Geminid Meteor Shower, 2012. Credit: NASA & JeffDai950; for much higher resolution version see APOD original posting
Not long ago I posted about the new meteor shower — brand new, one never before seen, so could be quite a humdinger — that will grace the wee hours of the night sky Saturday and Sunday morning (i.e., to see it you’ll need to stay up past midnight Friday and Saturday night).
And there’s not much required to enjoy it: You only need to drive out to some really dark location well away from city lights, stay up after midnight, and use the standard eyeballs God gave you. This could be such a spectacular event that I’m posting this again; here’s a link to the original post with more info.
Latest NASA update and even more info.
Stormchasers in Wyoming captured time-lapse video of a spectacular super-cell that really shows the amazing power and terrifying beauty of this sky phenomenon.
DON’T go chasing storms like this unless you really know what you’re doing — they can be really dangerous, and driving around near them is very, very dangerous. (Trust me on this — been there, done that, did some things that, in hindsight, were really dangerous and stupid.)
Do you long to be anonymous on the Internet? Gain back a bit of the privacy that comes with anonymity? Well, those days are long gone… or are they? Maybe there’s still a little hope. Let’s talk about that.
Who are the most charitable people and countries in the world? It’s a complex question because charity can be measured so many ways. (The U.S. Navy rushed in and set up massive medical support and provision of water after the giant Indonesian Christmas-day quake in 2004, something that probably no one but the U.S. Navy could have done; it probably saved thousands of lives. But how does one measure something like that?)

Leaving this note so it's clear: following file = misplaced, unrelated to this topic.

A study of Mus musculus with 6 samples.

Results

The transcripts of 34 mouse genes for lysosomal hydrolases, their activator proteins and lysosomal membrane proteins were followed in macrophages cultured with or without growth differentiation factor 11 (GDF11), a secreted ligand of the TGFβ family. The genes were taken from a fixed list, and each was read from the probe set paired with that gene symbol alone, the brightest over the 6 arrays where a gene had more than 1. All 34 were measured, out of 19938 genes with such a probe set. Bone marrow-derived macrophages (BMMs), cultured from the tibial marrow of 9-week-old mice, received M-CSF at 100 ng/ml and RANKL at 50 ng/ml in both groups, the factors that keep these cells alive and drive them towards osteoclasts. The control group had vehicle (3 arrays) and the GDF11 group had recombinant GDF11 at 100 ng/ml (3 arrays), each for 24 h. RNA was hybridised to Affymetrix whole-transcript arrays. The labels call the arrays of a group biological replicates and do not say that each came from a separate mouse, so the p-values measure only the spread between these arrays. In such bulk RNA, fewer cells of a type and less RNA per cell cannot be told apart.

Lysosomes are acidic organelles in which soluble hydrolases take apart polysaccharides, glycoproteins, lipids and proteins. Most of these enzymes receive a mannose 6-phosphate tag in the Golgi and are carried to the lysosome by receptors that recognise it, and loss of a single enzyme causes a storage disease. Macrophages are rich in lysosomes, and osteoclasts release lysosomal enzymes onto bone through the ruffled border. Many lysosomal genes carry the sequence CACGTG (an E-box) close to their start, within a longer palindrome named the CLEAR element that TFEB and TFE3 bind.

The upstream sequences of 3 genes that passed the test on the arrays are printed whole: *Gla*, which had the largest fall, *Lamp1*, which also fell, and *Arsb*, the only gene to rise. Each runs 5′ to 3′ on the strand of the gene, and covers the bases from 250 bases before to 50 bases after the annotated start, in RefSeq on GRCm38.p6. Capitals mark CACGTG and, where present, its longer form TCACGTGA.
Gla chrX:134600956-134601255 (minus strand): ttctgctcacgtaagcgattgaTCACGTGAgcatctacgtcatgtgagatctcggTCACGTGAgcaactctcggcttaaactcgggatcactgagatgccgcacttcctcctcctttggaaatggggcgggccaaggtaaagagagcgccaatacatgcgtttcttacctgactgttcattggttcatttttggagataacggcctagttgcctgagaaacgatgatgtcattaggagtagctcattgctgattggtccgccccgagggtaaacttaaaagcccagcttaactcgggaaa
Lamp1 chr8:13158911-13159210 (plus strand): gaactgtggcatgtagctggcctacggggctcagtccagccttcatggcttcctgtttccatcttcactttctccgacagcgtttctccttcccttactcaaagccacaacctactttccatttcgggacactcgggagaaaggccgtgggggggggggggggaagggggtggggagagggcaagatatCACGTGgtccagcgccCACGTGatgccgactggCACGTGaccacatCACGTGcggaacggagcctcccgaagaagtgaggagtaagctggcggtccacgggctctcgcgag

Google has invested years and many millions of dollars developing a self-driving cars. And their progress has been remarkable: Those who have ridden in Google’s self-driving cars (always with a human driver in place and ready to take over, of course) have reported that the robotic cars drive so well they’re downright boring: they drive smoothly, safely, and one could even say intelligently.
But it turns out there’s a little trick involved, in fact the more I think about it the more I’m inclined to call it a very BIG trick, and the Google-bots’ ability to drive well could reallly be much more limited than it seems. This article from The Atlantic explains — click on the photo of the Google-bot car for the details.
… may all be wrong.
At least in the case of glucose intolerance, the same researcher that stirred up much of the brou-ha-ha about the dangers of gluten may have now found evidence to the contrary — or at least that much of the fear is very much misplaced. In fact, it’s looking like much of the the glucose sensitivity everyone was panicked about may not exist at all.